INDIANAPOLIS, Ind. – While presenting his 2019 Next Level Agenda on Thursday, Governor Eric Holcomb announced the state would be expanding foster care services to age 23.
For kids who age out of foster care at age 18 without being placed with a family, their future is anything but certain. According to a study from the Annie E. Casey Foundation, only half of those kids will be employed by age 24. Less than 3 percent will graduate college by age 25. By extending the services foster care provides, advocates are hoping those numbers will change.
“Were really excited about this because it’s going to help a lot of youth throughout the state of Indiana,” advocate Joshua Christian said about the announcement.
Christian spent nearly his entire life in the foster care system, moving around to 18 different homes throughout his childhood.
“It’s really challenging to say ‘oh, I’m going to be in college by age 21,”’ Christian said. “You don’t know if you’re going to have a home in five months from now, and quite often young people are just in survivor mode trying to make it.”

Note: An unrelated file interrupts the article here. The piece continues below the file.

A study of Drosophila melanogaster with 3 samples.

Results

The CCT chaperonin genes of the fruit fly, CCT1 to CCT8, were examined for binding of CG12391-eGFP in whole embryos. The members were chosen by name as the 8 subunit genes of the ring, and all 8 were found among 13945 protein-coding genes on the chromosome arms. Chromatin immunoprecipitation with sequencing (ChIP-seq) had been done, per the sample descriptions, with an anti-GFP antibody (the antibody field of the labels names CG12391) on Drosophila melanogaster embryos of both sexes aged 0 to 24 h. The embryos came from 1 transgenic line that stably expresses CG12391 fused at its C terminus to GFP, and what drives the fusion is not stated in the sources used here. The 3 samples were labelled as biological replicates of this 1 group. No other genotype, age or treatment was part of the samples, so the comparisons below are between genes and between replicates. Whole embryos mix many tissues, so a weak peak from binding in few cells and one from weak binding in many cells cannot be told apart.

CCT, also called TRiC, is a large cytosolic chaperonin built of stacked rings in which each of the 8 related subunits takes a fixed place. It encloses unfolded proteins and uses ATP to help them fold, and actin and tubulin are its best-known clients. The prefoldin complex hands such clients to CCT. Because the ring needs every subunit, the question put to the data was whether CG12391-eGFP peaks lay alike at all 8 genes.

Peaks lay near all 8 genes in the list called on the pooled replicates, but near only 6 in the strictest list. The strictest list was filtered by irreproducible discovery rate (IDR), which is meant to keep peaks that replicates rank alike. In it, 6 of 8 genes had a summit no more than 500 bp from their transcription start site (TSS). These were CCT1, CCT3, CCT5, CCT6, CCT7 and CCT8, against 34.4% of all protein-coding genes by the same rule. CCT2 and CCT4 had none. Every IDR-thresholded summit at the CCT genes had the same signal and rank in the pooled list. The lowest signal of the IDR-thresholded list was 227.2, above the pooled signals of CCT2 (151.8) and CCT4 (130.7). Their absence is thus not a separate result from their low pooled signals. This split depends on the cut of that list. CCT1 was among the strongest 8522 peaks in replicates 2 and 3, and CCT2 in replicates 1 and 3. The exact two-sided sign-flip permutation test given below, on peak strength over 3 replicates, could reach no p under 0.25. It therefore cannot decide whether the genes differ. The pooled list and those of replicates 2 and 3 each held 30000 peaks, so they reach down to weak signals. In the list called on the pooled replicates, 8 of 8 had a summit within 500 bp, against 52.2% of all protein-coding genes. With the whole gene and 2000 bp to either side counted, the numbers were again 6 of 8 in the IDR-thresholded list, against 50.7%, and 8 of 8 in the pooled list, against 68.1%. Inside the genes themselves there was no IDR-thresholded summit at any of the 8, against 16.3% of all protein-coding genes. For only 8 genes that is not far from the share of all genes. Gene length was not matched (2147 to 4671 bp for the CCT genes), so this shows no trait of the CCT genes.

Christian phased out of foster care at age 18, but was able to take advantage of services offered until he turned 21 this year. Those services helped him apply for college and even receive tutoring. He’s now on his way to graduating with a psychology degree from Marian University.
“The youth that we work with demonstrate again and again, that all they need is some of the same kind of supports that most of us receive from a family, and when they have those supports, they do amazing things,” said Brent Kent, President and CEO of the nonprofit Indiana Connected by 25.
His organization has been advocating for this change, and he says the change will help more foster kids become independent.
“It’s not hard to find young people in Indianapolis, in shelters downtown on the near east side, who came out of foster care,” Kent said.
“This isn’t a handout,” he added. “This is helping kids who are already working very hard to give themselves a better life.”
After Christian turned 21, he lost his foster care services, including his tutor. However, he has found a forever family with his former case manager, and has found a future career path advocating for other youth just like him.
“I think it’s going to change a lot of lives in a positive direction,” Christian said of the new policy. “And for me, that’s a really awesome thing.”
Using his psychology degree, Christian is pursuing a career as a lobbyist and plans to advocate for kids in foster care. He just returned from Washington D.C. two weeks ago, where he received a national award for his work.